The curious case of me and my spouse always talking to each other in third person


@Stoori Can you give an example? I think a similar think may exist in Turkish.

@cadadr Okay, so instead of saying

”sä oot niin sulonen”
(you are so cute)

you say

”hän on niin sulonen”
(they* are so cute)
[* singular]

@Stoori Thanks! Indeed, we have a parallel, but mostly in speaking to children (tho happens in adult "cutespeak" too).

@cadadr In addition to affective speech this 3rd person addressing is used when talking politely to someone who is hierarchically higher or lower than you (and consequentially not only politely but also with snark), although this polite use has vanished almost completely.

Would be interesting to read about the different contexts and implications related to these clearly two separate functions and if they are in any way related.

@cadadr Whereas when speaking to children, it's common to refer to the child in 2nd person but to yourself in 3rd person.

I actually hate this phenomenon and have never used it myself, but it is the standard way in Finnish.

@Stoori 3rd person as formal is also how formal language works in Italian (3SG-FEM). As for the latter thing, that's interesting, we've this in Turkish:

AnlatØ ablası, dinliyorum.
explain-2sg.imp elder.sister-3sg.gen listening-am-I.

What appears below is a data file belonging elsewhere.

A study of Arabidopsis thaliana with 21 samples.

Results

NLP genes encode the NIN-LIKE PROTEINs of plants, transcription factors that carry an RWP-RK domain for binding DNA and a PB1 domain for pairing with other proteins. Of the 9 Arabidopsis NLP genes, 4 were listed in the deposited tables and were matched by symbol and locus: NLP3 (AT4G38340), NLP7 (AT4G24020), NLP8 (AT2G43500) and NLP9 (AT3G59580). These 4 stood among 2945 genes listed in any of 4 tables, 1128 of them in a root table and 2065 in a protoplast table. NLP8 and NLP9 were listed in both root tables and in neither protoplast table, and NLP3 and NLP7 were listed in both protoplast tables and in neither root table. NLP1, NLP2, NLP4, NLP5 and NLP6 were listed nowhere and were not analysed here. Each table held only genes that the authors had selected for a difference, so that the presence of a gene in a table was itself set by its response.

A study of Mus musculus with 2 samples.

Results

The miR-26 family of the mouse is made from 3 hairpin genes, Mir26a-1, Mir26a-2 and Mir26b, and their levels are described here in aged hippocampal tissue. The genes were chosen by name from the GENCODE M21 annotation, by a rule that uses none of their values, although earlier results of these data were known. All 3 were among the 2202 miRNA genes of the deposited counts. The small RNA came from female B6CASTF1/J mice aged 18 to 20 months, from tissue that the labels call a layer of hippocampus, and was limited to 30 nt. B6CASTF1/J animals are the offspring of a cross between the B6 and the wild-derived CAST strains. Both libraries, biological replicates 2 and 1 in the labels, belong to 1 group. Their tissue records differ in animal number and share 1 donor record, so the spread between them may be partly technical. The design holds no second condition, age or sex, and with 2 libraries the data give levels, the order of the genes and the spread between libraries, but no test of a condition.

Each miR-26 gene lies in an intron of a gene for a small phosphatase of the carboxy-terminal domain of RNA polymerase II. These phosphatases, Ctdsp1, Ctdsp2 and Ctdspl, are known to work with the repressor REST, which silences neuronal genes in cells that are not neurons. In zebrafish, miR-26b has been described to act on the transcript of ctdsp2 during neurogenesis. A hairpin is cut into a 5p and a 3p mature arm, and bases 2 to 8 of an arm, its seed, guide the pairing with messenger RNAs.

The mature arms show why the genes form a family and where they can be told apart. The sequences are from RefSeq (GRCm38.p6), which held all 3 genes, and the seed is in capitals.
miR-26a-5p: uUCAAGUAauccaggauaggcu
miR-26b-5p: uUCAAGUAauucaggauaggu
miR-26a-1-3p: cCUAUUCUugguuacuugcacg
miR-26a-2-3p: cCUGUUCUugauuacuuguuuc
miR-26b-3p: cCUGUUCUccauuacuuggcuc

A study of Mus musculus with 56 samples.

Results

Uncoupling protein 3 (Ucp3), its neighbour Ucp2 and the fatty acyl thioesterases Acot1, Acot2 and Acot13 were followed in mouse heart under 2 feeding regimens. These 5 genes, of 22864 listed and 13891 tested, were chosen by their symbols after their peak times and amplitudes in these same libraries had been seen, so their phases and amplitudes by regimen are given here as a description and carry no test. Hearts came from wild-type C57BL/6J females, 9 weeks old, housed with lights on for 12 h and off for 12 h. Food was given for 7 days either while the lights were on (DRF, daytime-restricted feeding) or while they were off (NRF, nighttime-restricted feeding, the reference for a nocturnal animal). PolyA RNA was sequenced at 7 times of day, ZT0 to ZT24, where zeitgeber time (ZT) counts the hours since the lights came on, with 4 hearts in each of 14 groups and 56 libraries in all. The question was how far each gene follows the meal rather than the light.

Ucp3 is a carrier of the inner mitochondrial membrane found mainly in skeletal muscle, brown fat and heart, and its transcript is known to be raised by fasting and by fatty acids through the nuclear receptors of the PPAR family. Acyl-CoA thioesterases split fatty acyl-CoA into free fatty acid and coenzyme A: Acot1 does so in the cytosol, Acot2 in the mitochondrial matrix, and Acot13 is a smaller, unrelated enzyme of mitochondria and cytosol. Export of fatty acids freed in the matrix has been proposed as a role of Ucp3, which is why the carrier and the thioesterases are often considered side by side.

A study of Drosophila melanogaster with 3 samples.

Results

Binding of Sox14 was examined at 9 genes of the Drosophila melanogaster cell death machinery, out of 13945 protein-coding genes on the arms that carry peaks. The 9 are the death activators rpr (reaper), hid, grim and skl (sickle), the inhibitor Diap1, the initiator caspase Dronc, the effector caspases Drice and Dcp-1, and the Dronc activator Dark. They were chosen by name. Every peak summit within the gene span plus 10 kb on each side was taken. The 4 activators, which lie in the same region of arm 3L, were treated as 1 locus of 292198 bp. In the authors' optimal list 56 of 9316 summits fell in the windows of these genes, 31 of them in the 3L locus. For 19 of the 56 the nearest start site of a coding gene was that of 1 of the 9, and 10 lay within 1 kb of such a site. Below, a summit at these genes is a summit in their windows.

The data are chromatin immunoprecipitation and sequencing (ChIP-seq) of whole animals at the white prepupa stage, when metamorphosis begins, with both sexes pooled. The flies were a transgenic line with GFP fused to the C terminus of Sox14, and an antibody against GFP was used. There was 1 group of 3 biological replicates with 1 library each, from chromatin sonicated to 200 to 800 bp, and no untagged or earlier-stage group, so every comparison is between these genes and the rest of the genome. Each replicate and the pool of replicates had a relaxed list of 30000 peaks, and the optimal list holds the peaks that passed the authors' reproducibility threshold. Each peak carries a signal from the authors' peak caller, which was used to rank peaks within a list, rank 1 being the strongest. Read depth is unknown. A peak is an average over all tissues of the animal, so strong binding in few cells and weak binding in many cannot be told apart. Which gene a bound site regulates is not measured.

"tell me, brother/sister, I'm listening"

This is an affective form where you refer to yourself in 3rd person using whatever kinship term the interlocutor would refer to you as. Kinship terms are regularly used 'metaphorically', so e.g. I being 27, a woman in her 40's could say the above to me, given we've an informal but non-romantic relationship. I guess it's a strict rule of acceptability that the utterer be older, so long as it's not used in a joke.

(btw feel free to tell me off if I'm boring the hell out of you with random linguistics nerdery you didn't ask for 😅)

@cadadr Hey, I *am* a linguist, why would random linguistics nerdery bore me out? :D

I mentioned this referring to yourself in 3rd when talking to a child and how I hate it. But it can also be used when an adult speaks to another adult, and then the meaning is always belittling.

This can be in good faith, like in ”let me show how it should be done”, and this is something where even I could use it.

But it can easily sound very creep, if there is even a hint of possible sexual implications.